The curry plant is a member of the large Helichrysum genus, which also includes strawflowers and other plants that are often dried for flower arrangements. Native to Africa, Eurasia, Australasia, Turkey and Madagascar, the Helichrysums range from tender annuals to hardy shrubs. The curry plant, Helichrysum italicum, looks a little like lavender, except it grows small yellow flowers. It favors warm, dry growing conditions with poor to average soil. The foliage is used sparingly in cooking to simulate the flavor of curry powder, which is a combination of herbs and spices.
Fill nursery pots or flats with standard potting soil and then water until water comes out the drainage holes.
Broadcast curry plant seeds on the soil surface, but do not cover them with additional potting soil, because these seeds require light to germinate. Set the pots or flats in a sunny area that is protected from frost and keep the soil surface moist by watering daily.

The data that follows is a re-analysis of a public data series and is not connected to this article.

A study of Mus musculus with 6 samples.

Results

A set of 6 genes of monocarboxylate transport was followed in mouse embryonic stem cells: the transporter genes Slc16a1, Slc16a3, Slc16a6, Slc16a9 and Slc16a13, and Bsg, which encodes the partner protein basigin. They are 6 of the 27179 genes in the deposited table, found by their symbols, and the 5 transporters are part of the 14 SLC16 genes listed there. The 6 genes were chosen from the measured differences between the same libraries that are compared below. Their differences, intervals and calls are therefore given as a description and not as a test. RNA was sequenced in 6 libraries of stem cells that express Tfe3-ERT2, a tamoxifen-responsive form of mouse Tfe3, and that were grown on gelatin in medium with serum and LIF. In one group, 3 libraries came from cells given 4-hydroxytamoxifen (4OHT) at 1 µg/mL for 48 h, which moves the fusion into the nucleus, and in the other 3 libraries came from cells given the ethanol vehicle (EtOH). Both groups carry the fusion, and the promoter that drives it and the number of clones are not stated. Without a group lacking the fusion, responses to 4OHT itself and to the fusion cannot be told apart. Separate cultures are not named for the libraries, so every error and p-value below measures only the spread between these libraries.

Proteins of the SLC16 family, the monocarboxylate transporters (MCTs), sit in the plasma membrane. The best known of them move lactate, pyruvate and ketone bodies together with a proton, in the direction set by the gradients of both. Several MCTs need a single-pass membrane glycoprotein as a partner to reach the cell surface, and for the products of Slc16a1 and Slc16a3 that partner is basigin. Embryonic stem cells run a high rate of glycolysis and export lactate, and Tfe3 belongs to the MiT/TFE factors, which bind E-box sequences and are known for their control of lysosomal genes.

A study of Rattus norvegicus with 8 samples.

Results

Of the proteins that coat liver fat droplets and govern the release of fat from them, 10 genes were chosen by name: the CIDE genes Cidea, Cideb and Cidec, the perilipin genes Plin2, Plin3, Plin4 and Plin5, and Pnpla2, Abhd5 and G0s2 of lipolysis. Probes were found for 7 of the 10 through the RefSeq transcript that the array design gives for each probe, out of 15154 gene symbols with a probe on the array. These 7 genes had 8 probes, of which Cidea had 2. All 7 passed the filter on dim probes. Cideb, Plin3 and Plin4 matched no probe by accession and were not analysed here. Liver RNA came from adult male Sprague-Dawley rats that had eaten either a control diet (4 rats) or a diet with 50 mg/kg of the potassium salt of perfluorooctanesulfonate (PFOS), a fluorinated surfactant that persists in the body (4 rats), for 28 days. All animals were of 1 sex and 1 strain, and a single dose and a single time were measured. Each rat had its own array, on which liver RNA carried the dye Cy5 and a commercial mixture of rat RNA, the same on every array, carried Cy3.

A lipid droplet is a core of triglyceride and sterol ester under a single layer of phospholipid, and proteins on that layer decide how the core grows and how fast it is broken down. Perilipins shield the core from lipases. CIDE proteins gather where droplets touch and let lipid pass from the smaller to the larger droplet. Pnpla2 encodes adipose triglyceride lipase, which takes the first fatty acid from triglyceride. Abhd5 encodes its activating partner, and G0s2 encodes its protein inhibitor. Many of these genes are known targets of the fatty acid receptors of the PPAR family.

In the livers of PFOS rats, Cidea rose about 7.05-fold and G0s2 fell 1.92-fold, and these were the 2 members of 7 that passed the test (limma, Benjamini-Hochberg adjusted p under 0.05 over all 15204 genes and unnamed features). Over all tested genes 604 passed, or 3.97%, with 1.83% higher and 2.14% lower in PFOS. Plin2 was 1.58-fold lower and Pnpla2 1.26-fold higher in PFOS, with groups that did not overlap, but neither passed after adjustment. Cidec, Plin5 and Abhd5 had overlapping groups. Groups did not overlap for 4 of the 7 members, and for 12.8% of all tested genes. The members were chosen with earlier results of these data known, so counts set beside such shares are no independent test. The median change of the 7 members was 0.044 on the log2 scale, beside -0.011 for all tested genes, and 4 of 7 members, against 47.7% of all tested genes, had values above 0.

Transplant the young curry plant or plants to a sunny outdoor location about one month after the final spring frost. Sandy or poor soil is acceptable for the curry plant--you needn’t add compost or other soil amendments. Dig planting holes slightly larger than your plants’ root systems and 8 to 12 inches apart. Set your plants into the holes, fill with additional soil and water well.
Water the curry plant during extended dry periods, but it is drought tolerant, so avoid giving it excessive water.
Fertilize your curry plant with a balanced fertilizer, such as one having an N-P-K ratio of 10-10-10 about one month after you plant it. If you want your plant to bloom profusely, fertilize it with a low nitrogen or “blossom booster” plant food (0-10-10) when you first begin to see flowers forming.